NewsWire: Cruelty Whispers Hurt Trainers - The Dominion
Trainer Dan Reynolds puts Shadowfax through his paces.
Cruelty Whispers Hurt Trainers
The Dominion - May 23, 2000
Moments after rearing on a crack-of-the-whip command for The Lord of the Rings animal trainer Dan Reynolds at a Te Horo stables yesterday, Gandalf's horse Shadowfax nuzzled his boss affectionately.
In an unprecedented move, after rumours of cruelty, Peter Jackson's normally closed film production crew opened up its horse training to The Dominion for inspection.
The training team has been accused of a variety of cruelties -- from peroxiding a horse to change its colour and then putting it down when it was hurt to using block tackles to knock horses to their knees.
The accusations have been anonymous, but they have hurt even though inspections by the International League for the Protection of Horses and the Agriculture Ministry have found no cause for alarm.
Every report is posted on the Internet and is judged by the world.
One horse was alleged to have broken its back in a trick, another to have had to be put down after falling from a wharf, and another shot for a hide to cover a riding "contraption" for star actress Liv Tyler.
Wrangler Dave Johnson said the rumours, some apparently blown up from real but innocuous incidents, were bewildering and had upset trainers and other stable staff.
The "germs of truth" behind the rumours were easily traced, he and horse coordinator Stephen Old said.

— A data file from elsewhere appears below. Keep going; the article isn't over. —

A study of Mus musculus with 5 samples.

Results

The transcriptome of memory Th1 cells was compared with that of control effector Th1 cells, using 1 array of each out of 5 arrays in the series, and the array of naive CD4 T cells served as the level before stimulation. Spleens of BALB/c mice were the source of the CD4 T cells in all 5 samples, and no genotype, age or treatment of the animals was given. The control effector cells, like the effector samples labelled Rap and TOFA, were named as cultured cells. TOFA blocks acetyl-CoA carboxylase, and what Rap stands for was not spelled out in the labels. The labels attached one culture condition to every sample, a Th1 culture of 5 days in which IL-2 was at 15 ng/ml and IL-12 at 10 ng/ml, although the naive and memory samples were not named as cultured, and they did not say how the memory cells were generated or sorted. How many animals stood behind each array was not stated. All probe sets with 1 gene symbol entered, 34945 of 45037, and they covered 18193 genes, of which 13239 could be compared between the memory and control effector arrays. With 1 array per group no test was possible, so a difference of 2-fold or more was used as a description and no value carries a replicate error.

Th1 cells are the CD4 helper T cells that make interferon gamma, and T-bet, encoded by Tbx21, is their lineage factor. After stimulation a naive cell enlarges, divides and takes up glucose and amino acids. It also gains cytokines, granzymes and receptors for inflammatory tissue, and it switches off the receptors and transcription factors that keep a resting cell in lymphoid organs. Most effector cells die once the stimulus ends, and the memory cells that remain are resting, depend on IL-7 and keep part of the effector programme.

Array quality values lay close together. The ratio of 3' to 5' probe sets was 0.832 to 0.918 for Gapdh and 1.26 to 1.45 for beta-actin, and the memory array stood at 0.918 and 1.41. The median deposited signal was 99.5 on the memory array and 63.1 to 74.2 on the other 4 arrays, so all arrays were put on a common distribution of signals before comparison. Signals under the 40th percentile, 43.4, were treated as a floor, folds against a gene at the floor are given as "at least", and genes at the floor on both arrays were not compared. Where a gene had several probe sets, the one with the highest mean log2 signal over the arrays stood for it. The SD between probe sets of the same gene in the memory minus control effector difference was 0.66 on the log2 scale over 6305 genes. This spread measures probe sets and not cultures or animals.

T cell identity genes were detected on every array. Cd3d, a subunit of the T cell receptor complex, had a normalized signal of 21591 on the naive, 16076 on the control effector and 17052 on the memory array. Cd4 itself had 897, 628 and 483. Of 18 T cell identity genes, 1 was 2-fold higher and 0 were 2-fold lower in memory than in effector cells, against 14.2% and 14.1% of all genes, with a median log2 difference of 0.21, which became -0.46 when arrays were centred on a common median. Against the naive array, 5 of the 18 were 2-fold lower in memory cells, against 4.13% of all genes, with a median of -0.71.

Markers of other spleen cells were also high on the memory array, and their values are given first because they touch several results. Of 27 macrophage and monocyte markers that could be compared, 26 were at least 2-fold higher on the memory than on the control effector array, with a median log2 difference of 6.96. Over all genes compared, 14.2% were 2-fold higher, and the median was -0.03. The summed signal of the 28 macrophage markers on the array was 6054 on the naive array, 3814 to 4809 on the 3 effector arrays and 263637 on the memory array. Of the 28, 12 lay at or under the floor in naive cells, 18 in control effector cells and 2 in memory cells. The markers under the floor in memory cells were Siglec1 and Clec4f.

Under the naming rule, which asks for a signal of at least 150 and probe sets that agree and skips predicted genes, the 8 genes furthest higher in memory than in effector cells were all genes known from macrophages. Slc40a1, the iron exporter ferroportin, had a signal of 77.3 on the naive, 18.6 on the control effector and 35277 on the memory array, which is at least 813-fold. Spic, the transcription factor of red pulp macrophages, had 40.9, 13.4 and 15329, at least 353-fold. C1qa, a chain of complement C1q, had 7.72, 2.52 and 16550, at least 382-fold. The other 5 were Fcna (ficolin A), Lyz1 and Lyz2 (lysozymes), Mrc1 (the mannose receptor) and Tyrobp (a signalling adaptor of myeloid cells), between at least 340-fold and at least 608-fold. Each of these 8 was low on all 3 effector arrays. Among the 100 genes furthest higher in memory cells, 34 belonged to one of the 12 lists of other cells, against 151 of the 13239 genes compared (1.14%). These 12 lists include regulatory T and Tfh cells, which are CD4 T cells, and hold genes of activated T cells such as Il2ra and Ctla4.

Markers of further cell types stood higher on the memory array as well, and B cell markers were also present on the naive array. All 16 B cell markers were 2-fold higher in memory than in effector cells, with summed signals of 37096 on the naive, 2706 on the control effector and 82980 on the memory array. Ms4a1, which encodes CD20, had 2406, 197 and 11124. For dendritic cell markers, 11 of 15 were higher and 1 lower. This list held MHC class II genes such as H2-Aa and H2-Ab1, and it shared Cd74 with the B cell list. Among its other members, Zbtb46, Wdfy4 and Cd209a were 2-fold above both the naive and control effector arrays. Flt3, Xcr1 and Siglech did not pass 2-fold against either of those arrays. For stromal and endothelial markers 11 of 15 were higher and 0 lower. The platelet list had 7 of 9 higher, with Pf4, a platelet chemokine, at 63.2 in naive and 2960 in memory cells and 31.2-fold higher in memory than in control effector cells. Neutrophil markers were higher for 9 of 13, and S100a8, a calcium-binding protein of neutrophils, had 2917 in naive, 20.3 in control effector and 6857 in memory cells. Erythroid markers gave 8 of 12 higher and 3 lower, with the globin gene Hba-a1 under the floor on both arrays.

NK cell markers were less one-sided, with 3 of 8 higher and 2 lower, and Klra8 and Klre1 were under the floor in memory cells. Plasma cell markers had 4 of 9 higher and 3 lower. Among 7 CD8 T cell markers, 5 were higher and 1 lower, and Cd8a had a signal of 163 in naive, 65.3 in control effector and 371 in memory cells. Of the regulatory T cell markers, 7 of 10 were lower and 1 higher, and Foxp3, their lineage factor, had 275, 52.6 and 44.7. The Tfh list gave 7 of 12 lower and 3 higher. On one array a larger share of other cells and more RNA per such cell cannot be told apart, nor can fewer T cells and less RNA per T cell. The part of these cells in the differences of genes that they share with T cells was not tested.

Because of a dearth of white horses, the training team had briefly flirted with the idea of changing a horse's colour. The human hair dye -- not peroxide -- dabbed harmlessly and ineffectively on a horse had been bought from a beauty supply shop.
A horse -- one of the ringwraiths -- had slipped on a small jetty. It was, however, now back in action.
"It was given a few days off. We gave it some antibiotics just in case the water was dirty. It's fine," Mr Reynolds said.
Tyler's "contraption", a barrel with springs for close-up motion shots, had been covered with a bought hide.
Mr Reynolds said there had been two deaths, both from natural causes: one from colic and a twisted bowel, one after a heart attack.
Irishman Ray Lenaghan, The Lord of the Rings vet, said all the horses were well treated and in good condition. "For 70-odd horses there haven't been a lot of injuries.
"We've had a couple of sprained tendons, puffy joints . . . it's nothing like as strenuous as for racehorses.
"If horses could talk, they'd be pretty happy about what they've got here."